Namibians must embrace cultural diversity

The tourism minister says the demand for cultural tourism products is increasing and Namibians should grab this opportunity.

22 April 2021 | Tourism



Culture is an asset that can be used to address issues such as job creation and rural development, considering the cultural diversity that Namibia has.

Tourism minister Pohamba Shifeta said this could only be achieved if Namibians embraced one another’s cultures and traditions, in line with Namibian laws.

He said the demand for cultural tourism products is increasing, therefore there is a need to explore the type of products that can be developed, especially for self-drive tourists, who travel more flexibly and widely.

Shifeta was speaking at launch of the National Strategy on Sustainable Heritage Tourism Development and Employment Creation Opportunities at Community Level.


Shifeta said the goal of the strategy is to accelerate tourism’s role in economic development, broaden tourism’s role in social inclusiveness and boost tourism’s role in cultural values, environment, diversity and heritage management.

He said recovery from the devastating impact of the coronavirus pandemic on the travel industry is very slow.

Shifeta said tourism could only be revived if all stakeholders, from central government to local communities, create and maintain a symbolic relationship through resource mobilisation and sustainable utilisation.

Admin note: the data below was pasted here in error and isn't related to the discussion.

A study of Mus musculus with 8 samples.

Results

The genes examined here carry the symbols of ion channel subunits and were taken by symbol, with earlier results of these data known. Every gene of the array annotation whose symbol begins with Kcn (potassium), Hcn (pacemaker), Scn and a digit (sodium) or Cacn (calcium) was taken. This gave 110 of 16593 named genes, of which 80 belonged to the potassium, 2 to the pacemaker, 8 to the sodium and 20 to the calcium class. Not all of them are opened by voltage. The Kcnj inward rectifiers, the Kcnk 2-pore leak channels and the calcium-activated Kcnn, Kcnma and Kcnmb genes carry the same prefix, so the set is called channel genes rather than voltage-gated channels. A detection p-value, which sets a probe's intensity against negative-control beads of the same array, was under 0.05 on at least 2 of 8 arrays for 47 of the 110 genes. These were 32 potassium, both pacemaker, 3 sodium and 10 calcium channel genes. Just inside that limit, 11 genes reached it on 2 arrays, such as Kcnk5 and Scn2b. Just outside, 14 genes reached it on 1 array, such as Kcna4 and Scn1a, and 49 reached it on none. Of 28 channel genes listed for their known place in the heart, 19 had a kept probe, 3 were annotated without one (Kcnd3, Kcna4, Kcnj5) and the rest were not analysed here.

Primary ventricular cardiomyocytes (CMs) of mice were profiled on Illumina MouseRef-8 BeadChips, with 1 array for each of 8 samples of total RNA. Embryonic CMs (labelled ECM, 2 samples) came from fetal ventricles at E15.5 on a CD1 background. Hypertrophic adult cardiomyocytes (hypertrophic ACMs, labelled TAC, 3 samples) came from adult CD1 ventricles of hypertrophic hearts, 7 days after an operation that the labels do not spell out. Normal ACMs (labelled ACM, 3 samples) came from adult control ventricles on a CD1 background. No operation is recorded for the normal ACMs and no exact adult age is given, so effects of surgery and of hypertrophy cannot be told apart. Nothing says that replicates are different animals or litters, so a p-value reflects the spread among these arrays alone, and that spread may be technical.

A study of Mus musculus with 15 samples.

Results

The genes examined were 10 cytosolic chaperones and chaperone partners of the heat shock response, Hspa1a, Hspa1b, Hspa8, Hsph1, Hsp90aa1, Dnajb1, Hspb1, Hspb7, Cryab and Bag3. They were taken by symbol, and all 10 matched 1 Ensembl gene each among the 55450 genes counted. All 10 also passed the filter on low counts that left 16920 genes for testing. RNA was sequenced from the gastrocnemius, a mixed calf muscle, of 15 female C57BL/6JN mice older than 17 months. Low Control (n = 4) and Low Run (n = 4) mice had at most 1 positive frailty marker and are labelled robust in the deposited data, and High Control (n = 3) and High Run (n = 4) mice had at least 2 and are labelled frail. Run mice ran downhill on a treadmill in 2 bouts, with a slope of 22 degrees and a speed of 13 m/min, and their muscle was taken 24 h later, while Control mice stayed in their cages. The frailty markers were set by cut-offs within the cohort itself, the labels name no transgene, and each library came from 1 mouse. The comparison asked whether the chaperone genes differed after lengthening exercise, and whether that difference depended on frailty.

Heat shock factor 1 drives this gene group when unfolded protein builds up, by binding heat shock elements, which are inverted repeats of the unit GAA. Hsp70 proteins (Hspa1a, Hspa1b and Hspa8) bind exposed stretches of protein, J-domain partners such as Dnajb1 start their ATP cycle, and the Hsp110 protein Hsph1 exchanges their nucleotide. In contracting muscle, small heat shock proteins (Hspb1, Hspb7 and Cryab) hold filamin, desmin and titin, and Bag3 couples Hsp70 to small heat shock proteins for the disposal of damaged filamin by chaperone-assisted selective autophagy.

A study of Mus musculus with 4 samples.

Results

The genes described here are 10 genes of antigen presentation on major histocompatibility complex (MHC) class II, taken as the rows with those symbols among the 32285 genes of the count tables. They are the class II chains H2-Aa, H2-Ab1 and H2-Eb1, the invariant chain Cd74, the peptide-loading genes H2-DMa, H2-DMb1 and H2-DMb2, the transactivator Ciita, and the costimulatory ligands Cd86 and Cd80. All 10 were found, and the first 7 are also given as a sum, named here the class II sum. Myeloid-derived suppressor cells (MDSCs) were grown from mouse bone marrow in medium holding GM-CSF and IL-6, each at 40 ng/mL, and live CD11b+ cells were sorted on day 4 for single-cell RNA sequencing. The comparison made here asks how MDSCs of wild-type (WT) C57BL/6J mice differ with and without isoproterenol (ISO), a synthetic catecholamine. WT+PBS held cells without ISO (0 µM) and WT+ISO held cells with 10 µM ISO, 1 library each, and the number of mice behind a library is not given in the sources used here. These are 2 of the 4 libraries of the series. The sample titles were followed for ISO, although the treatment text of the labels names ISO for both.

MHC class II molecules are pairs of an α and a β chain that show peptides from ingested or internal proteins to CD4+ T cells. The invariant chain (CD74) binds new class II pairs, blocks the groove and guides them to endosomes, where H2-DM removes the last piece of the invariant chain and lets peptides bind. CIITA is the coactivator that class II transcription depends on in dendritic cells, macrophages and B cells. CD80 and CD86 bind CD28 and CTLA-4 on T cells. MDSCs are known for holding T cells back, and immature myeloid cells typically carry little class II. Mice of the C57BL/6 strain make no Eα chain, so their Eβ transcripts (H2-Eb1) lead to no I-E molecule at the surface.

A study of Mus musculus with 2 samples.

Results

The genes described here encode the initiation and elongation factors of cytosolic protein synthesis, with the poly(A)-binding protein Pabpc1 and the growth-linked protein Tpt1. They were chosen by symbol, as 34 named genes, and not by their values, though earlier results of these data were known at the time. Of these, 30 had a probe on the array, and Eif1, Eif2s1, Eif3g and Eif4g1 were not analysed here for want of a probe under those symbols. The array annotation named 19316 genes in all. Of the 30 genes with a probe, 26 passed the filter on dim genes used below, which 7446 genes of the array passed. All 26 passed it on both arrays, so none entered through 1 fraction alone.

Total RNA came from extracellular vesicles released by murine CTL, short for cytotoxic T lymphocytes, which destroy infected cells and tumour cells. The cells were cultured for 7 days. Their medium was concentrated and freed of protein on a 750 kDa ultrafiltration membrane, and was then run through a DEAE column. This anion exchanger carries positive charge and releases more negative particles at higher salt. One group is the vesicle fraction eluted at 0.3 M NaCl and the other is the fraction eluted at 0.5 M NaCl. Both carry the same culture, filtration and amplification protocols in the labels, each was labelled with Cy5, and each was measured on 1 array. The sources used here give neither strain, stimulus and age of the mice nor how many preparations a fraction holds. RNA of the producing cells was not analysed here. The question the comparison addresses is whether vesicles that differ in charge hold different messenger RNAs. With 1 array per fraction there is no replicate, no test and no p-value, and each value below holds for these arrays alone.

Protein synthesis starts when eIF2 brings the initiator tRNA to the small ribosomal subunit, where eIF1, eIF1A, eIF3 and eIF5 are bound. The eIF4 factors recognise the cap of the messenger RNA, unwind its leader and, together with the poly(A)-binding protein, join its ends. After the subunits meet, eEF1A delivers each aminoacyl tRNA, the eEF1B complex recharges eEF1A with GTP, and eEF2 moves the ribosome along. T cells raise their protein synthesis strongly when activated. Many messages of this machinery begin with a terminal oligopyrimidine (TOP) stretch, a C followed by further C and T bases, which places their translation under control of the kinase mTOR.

“This type of collaboration will give us an opportunity to work out the best strategies, to innovate and package the cultural product offerings in such a way that they will be well received and talked about by the potential visitors.”

Local tourism

He said if well packaged, natural and cultural heritage activities could boost local travel, which will make it easier for the Namibian Tourism Board to promote domestic tourism.

Shifeta said experiencing different cultures is one of the principal motivations for travel, with tourists seeking to experience the global variety of performing arts, handicrafts, rituals and cuisines.

“The cultural interaction spurred by such encounters prompts dialogue, builds understanding, and fosters tolerance and peace.”

He said responsible tourism is a growing trend across the world, as more travellers want to see a positive impact from their travel.

The minister said some of the cultural and natural heritage products that Namibia can offer are San healing dances, the Olufuko cultural festival, Ovahimba traditional exhibitions, Mafwe and Masubia cultural festivals and the Nama festival.

He said Namibians should explore more effective ways of extracting products from local fruits such as marula and !nara to produce traditional drinks or essential oils for cosmetic use. Other traditional crafts such as making clay pots can also be valuable.